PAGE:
The darkness was instantly replaced by a bright soft light and deafening drilling sound. I covered my ears and eyes in irritation. Soon, the raucous sound was replaced by a brief silence that was then followed by loud cheering. I could clearly hear every word, ‘Water! We have reached the water! Our problems are over!’
Despite the fact that I was irritated at the invasion of my privacy, I couldn’t help but smile. It was always a great thing when my arrival left joy in its wake.
But in this case, I hadn’t really arrived – I had been sought for three weeks by a team of seven men in blue linen overalls and green plastic gloves. They were from a private water company that had been hired by Nairobi Water Company to dig a mega borehole in Tena Estate, next to three-decade old towering concrete water tower. Now that I had been found, I would supplement water supply in the Eastern part of Nairobi, which had been facing severe water shortage.
I soon found myself in a silver-colored metal pipe that ran all the way from my original home in the cool depths to another much bigger pipe that criss-crossed the underworld of Eastlands, supplying water to houses. My presence in this pipe was a direct result of a new short-term policy to tap into ground water as a short term measure of alleviating the chronic water shortage in the city.
Before those big metallic pipes sucked me out of the depths, I had been under the Water Resources Management Department of Kenya’s Ministry of Water and Irrigation. But as soon as I entered my new piped home, my departmental guardian became the Department of Water Services.
Recently in Mombasa, a big, rusty and nasty vehicle hit the pipe that I was travelling in and I found myself on a big, hot tarmac road. For hours, I flowed into the road and into the adjacent marshy land until dozens of people gathered and began scooping me into their buckets and jerrycans. Ironically, when I arrived in their homes at Kisauni, I realized that they had not seen me for almost two weeks! Yet there I was, wasting away on the road.
This reminds me of a time when my journey in the big metallic pipes rarely ended mid-way. I almost always made it into people’s taps. But the sad thing about those days is that sometimes, I would arrive into people’s taps breathless after a long journey only to end up dripping aimlessly into sinks.
But that’s a story for another day, let me take you back into the cool depths for a moment.
The Department of Water Resources is responsible for water bodies as they exist naturally. This means that groundwater – which is where I belong – is under this department, together with surface water – springs, rivers and lakes. This department therefore tries to ensure that I am not sucked out of the cool depths in an unsustainable manner; that I am not pumped out of rivers by upstream communities in a manner that harms the downstream communities and that people can access me in legal, sustainable means. As such, if you want to build a dam or tap into me in any other way, you have to pass through this department.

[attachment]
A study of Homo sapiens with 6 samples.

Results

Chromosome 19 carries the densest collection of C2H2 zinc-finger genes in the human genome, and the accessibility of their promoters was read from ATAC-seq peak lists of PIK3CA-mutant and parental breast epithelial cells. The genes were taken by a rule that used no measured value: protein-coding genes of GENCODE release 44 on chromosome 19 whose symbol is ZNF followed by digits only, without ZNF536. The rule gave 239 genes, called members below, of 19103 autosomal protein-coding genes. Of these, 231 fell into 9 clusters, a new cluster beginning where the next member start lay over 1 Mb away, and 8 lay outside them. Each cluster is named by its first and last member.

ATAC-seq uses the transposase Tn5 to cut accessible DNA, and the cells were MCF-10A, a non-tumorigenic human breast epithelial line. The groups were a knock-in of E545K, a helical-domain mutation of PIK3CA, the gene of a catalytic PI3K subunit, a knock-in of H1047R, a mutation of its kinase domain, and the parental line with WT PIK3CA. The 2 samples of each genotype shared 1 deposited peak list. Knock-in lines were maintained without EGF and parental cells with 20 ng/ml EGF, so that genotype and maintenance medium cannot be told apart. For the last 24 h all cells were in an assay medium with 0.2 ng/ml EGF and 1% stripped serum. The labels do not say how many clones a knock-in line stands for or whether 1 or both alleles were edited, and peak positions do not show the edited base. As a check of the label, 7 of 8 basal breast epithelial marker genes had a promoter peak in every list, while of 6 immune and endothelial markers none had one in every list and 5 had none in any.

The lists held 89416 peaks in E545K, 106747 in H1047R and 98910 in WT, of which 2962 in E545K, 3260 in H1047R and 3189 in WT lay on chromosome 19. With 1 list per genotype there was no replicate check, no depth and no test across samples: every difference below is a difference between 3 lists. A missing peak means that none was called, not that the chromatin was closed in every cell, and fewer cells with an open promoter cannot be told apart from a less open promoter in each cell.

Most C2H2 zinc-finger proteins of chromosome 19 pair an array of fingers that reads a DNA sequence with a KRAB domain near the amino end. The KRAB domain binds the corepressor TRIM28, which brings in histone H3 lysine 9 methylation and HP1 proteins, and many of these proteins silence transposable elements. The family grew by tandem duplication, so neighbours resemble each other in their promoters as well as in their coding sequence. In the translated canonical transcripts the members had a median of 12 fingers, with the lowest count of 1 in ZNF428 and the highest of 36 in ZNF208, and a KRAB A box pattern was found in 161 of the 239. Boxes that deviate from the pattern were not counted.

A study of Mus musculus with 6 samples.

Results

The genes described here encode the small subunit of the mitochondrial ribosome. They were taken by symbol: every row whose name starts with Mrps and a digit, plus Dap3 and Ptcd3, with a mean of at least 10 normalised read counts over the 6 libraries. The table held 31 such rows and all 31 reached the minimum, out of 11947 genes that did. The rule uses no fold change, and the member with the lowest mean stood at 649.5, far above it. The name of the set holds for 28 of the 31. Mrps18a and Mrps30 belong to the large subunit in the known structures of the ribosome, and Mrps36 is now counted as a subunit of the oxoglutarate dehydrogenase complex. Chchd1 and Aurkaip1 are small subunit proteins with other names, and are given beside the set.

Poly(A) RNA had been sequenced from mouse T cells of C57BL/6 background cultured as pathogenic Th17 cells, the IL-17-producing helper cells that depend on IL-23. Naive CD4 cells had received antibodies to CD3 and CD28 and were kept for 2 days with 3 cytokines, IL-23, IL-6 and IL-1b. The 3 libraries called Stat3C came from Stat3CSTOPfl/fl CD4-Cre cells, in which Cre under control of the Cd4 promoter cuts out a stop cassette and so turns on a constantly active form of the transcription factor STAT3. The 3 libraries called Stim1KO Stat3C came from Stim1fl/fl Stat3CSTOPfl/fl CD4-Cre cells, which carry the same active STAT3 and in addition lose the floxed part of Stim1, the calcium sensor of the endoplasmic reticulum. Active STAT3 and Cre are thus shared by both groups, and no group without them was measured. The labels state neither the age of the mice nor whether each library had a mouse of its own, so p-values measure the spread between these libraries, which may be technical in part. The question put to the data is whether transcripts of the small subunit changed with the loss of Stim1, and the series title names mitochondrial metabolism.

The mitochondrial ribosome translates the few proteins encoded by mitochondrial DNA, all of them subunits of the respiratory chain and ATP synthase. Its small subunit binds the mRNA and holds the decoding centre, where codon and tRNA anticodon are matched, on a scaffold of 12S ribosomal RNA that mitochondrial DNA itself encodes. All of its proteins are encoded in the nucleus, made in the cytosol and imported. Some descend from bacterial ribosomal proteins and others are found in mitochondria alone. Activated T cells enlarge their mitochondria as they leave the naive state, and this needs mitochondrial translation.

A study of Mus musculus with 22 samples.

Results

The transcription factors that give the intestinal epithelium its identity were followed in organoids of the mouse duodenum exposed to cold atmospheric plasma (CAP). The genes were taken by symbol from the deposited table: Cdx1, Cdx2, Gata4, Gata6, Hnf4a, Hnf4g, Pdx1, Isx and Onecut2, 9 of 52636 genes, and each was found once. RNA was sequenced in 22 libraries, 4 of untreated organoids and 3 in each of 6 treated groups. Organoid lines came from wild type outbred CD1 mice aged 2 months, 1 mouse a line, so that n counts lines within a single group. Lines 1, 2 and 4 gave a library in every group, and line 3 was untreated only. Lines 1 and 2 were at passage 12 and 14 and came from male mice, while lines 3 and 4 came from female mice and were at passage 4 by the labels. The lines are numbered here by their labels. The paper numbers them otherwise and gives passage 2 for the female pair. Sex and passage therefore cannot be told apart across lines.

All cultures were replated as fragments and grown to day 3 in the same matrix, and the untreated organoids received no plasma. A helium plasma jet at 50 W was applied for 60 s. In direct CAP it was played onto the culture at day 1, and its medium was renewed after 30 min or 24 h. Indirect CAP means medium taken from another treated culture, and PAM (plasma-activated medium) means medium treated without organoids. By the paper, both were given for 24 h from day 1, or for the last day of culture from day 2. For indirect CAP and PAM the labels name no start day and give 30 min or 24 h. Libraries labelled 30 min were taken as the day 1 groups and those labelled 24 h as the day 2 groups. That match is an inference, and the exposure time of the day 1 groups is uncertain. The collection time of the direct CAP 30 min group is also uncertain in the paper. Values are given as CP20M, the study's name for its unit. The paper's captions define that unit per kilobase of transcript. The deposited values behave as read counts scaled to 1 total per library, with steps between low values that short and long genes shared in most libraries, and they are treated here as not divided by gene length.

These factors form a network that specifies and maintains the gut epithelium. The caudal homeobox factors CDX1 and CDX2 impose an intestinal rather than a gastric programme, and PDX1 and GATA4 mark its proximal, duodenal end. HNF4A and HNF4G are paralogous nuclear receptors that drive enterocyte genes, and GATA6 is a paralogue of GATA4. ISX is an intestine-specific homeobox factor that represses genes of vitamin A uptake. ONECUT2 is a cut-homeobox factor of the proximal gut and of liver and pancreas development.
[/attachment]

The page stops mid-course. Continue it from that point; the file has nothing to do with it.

So why do I sometimes end up on the hot tarmac when I should be travelling first class in those huge pipes? Why do people keep poking those loud, searing drills into my home in the cool depths when all I want is to take it easy and replenish?
To find the answers to these questions, let us first review what the Water Ministry does.
Before 2002, when the Water Ministry was reformed, it used to do pretty much everything related to water. It would protect water resources, deal with people who wanted to exploit these resources, handle licensing for water related ventures like dam construction, supply water for domestic usage, collect water bills plus all such related water management and distribution services. But all these changed with the 2002 and 2005 water sector reforms.
The Ministry now deals with policy formulation and coordination; resource mobilization and licensing. Water Service Boards were created to handle the actual implementation. I still remember that cold day in 2005 when the Ministry of Water and Irrigation transferred the management and operation of water services to the Water Services Boards.
These Boards have the sole power to obtain the licenses for the provision of water services for their respective jurisdictions. But we’ll talk more about them on another day. For now, let us go back to those questions:
Why do I sometimes end up on the hot tarmac when I should be travelling first class in those huge pipes? Why do people keep poking those loud, searing drills into my home in the cool depths when all I want is to take it easy and replenish? And to add another question, why am I polluted over and over again?
I cry whenever I encounter all these obstacles in the course of my flow. I can only hope that the Minsitry of Water and Irrigation will wipe away my tears and demolish these obstacles so that I can keep flowing.